As a deadly weather front continued to make its way across the Southern United States late Tuesday and early Wednesday, both Florida and Alabama were struck with severe flooding that’s left at least one person dead.
According to the Associated Press, rainfall in the Florida Panhandle – especially the area around Pensacola – and the coast of Alabama has been relentless, dropping well over a foot of rain in both states. Houses have been flooded to the point where residents have had to seek higher ground, and overflowing roads have stranded drivers waiting to be picked up by rescue squads.
In Pensacola, where 15-20 inches of rain fell in a one-day period, at least one woman has been reported dead due to driving in perilously high waters. Florida Gov. Rick Scott has declared a state of emergency in 26 counties.
So many people have been calling rescue crews for help that the county has been inundated. The National Weather Service stated that officials are planning aerial rescues and have relocated boats and jet skis from the beaches in order to help as many people as possible.
"It's gotten to the point where we can't send EMS and fire rescue crews out on some 911 calls because they can't get there," Escambia County spokesman Bill Pearson told the AP. "We've had people whose homes are flooding and they've had to climb up to the attic."
Others, on the other hand, have simply left their cars to seek shelter at their local police stations.
"We have people at the police department," added Officer Justin Cooper of the Pensacola Police Department to the AP. "They walked up here and are hanging out until things get better."
— abby rae (@_itsabsss) April 30, 2014
A similar situation is unfolding in Alabama, where roads are underwater and people have had trouble making it to shelter. According to USA Today, Baldwin County EMA Director Mitchell Sims said the area is being hit with “historical flooding,” adding that calls for help were “non-stop.” Luckily, Sims said, there had yet to be any fatalities related to this particular storm.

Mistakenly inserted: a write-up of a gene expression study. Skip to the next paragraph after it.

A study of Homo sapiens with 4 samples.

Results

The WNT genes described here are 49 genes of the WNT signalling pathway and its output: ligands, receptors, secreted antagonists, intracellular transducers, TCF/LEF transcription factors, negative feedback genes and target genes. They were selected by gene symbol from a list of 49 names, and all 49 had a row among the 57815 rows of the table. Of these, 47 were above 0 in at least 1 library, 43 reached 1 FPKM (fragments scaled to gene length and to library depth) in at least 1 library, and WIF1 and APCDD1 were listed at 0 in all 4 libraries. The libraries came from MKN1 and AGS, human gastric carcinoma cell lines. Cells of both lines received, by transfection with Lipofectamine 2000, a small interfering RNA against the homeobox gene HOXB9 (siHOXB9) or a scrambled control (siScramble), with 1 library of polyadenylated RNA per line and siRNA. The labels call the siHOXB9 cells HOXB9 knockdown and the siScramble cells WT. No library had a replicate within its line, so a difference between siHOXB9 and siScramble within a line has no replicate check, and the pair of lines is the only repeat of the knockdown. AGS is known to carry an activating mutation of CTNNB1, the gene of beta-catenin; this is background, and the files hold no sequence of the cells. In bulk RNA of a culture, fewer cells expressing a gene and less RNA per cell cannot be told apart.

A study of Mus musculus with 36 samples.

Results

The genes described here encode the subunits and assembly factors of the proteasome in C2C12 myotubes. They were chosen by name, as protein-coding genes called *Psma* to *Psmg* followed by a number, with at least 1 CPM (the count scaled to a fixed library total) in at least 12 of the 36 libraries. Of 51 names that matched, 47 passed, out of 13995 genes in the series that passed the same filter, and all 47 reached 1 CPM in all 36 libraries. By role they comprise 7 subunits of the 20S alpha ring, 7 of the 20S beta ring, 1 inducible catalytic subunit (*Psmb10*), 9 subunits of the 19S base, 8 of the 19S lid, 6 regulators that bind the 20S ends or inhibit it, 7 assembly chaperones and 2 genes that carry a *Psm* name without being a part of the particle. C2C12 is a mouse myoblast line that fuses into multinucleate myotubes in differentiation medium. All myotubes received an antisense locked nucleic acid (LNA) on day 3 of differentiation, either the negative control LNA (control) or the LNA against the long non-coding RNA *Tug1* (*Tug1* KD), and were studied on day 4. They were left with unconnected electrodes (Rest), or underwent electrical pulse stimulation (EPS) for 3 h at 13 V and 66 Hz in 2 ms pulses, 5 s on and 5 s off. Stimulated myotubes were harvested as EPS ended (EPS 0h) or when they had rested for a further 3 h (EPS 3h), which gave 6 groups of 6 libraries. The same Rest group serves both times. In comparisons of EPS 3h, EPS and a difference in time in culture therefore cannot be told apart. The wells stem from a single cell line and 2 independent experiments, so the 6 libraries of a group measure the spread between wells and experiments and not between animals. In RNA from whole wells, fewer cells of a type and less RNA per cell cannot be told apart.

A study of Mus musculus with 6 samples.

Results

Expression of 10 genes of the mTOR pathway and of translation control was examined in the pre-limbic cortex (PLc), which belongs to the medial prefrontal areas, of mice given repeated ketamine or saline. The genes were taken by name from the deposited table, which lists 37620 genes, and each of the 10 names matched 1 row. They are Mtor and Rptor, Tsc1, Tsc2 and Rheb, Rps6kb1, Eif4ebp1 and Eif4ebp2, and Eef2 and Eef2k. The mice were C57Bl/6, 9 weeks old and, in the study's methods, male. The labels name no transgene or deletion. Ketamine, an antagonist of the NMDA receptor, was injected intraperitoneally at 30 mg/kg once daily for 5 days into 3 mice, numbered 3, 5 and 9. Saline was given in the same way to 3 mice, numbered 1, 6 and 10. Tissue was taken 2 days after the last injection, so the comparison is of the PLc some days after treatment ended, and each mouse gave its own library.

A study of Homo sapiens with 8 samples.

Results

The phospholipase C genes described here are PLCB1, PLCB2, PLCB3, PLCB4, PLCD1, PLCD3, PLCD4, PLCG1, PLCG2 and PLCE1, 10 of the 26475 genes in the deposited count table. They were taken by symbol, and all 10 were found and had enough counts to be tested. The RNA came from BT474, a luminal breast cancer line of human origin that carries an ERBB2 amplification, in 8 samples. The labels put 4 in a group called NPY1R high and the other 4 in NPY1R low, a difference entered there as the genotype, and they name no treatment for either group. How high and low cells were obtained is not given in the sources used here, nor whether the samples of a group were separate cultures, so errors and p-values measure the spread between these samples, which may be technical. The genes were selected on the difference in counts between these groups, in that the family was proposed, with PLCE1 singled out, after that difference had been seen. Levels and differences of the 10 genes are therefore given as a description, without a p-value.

"As soon as we get a water rescue team in here, they're sent back out," Sims told the Weather Channel. "We're rescuing people from cars, from rooftops, from all over the place.
"I think we're going to be dealing with this for days. I don't know where the water's going to go. Everything is saturated.”
— N. Jerzy Fire Alert (@NJerzyFireAlert) April 30, 2014
Elsewhere in Alabama, the scene has been likened to that of a hurricane’s aftermath – in Silverhill, weather projections estimated rainfall would exceed what the town experienced during 1997’s Hurricane Danny. At Orange Beach, meanwhile, the storm’s consequences are being compared to Hurricane Ivan from 2004.
"We've got water up in our parking lots," resident J.J. Andrews said to the AP. "Our docks are under water. It's worse than during Hurricane Ivan, is what they're saying. It's crazy."
— ABC 33/40 News (@abc3340) April 7, 2014
The flooding in Florida and Alabama is just the latest surprise to come from a storm system that’s killed dozens of people and spawned tornadoes since Sunday. As noted by CNN, deaths were reported in Alabama, Tennessee, and Mississippi on Monday. On Tuesday, 18 deaths were reported in Arkansas, Oklahoma, and Iowa.